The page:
Russian players being ‘spoken to’ as WTA boss issues update


Simon has come under fire in recent days after world No 95 Tsurenko pulled out of her Indian Wells match against Belarus’ Aryna Sabalenka with short notice. The Ukrainian then revealed she had been struggling with “panic attacks” following a discussion with the WTA CEO and Chairman about the ongoing war in her home nation.

Discussing their conversation with Great Tennis Ukraine, the four-time title said: “He told me that he himself does not support the war, but if the players from Russia and Belarus support it, then this is only their own opinion, and the opinion of other people should not upset me.”

It led to a statement from the WTA, but Simon himself has now discussed the matter publicly and said the tour was doing as much as it could. “We continue to do as much as we have the ability to do,” the tour boss told told BBC Sport.


The American former pro also addressed an issue with Russia’s Anastasia Potapova wearing Spartak Moscow football shirt to her Indian Wells match against Jessica Pegula on Sunday. The 21-year-old was said to have been “formally warned” by the WTA for wearing the shirt, and Simon confirmed this.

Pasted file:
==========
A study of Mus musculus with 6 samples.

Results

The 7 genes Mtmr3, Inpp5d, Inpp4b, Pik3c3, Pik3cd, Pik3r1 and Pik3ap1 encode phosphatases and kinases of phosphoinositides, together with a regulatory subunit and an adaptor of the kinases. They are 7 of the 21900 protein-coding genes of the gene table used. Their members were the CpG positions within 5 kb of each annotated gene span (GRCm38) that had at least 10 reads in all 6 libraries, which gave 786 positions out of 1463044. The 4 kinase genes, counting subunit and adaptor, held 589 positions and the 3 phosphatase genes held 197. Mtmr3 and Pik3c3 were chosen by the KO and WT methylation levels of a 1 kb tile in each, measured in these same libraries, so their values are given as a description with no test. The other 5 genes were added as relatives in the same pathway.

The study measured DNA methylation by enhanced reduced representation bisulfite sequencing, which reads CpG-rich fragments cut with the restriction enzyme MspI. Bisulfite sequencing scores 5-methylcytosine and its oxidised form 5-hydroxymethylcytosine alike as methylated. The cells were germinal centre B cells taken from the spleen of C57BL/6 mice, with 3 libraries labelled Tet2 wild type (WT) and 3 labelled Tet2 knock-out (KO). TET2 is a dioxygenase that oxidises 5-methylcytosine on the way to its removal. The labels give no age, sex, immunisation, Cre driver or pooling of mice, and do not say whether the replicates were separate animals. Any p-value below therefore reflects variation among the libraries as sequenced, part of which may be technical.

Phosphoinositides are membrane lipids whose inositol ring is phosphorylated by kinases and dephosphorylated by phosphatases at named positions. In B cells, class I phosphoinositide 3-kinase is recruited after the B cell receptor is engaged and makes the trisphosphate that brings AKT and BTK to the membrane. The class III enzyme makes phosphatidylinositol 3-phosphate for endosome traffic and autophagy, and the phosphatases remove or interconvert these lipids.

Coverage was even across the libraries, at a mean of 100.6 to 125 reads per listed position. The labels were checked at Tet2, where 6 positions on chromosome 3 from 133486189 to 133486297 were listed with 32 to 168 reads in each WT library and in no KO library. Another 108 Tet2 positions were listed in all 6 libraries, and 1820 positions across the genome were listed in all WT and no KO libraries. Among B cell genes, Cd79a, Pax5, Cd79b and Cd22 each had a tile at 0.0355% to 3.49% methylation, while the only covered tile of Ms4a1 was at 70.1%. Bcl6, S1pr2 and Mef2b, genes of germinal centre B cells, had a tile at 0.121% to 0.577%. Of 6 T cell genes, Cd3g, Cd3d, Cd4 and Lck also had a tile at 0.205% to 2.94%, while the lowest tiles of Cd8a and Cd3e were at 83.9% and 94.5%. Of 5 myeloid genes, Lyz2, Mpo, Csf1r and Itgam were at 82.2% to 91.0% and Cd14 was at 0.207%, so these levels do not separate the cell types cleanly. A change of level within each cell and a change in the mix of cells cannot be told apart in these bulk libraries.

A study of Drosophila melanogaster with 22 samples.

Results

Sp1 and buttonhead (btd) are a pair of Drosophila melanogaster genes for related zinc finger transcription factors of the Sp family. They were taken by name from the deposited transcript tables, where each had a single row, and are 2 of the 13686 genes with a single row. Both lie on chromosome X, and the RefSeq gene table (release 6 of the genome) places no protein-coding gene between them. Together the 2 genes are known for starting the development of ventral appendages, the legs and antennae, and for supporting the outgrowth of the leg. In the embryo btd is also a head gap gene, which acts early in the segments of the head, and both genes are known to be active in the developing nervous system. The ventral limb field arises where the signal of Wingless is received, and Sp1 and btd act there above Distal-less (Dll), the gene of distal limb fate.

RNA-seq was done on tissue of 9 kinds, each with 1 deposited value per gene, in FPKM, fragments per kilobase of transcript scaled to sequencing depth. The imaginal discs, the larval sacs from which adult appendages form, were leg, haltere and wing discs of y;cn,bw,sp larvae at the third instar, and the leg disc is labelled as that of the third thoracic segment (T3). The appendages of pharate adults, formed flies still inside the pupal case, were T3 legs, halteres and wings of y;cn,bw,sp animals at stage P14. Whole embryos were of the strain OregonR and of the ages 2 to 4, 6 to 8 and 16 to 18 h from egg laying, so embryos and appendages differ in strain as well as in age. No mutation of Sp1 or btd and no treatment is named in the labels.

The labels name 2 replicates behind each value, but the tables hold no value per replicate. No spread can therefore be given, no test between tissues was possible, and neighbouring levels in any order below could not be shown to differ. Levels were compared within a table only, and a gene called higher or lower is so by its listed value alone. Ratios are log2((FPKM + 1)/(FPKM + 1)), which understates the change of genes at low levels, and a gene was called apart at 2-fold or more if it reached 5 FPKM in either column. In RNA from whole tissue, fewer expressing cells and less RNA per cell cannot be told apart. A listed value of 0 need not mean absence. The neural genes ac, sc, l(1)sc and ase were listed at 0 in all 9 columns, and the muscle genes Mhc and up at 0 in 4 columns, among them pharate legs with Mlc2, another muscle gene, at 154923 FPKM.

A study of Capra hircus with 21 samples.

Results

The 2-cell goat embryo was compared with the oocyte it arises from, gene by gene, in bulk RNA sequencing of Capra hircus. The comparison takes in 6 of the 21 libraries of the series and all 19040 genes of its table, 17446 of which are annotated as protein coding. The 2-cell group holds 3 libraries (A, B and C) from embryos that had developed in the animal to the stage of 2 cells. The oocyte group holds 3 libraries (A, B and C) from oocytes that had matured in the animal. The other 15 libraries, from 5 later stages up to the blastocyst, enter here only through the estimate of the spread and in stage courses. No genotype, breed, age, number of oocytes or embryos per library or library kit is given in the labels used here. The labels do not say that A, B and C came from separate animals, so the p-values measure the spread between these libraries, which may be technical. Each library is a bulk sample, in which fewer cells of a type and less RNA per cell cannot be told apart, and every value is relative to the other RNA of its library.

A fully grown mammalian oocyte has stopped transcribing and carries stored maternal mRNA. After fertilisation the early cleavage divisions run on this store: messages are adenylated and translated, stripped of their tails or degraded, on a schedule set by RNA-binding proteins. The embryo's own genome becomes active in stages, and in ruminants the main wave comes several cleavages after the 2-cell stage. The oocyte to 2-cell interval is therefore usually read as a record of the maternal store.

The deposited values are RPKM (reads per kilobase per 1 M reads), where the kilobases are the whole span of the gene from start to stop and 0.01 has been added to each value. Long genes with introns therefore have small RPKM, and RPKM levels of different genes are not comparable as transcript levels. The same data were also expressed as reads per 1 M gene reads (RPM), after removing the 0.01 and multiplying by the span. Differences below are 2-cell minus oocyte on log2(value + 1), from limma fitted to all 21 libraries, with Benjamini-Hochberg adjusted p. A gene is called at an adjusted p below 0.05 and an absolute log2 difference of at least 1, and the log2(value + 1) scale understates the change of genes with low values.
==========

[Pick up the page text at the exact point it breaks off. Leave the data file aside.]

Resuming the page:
He explained: “We spoke with Anastasia directly and also have given her a warning so she knows that this was not appropriate and I don’t think we will see any further instances of this going forward.” The WTA boss also said the tour was continuing to “speak to” players from Russia and Belarus as he defended their “neutral approach” to the situation.


“We continue to speak with [Russian and Belarusian players] and make sure they understand about the sensitivities here and that they are competing as neutral athletes. I think there is a strong understanding on that.”

But Simon stood by the current approach in tennis, adding: “We’ve always had the position – and it’s been a fundamental position of the tour – that every player that is eligible should be allowed to play. And this is irrespective to decisions that may have been made by local governments. We’ve been consistent with that and we are going to stay consistent with that. We think that the neutral approach is appropriate.”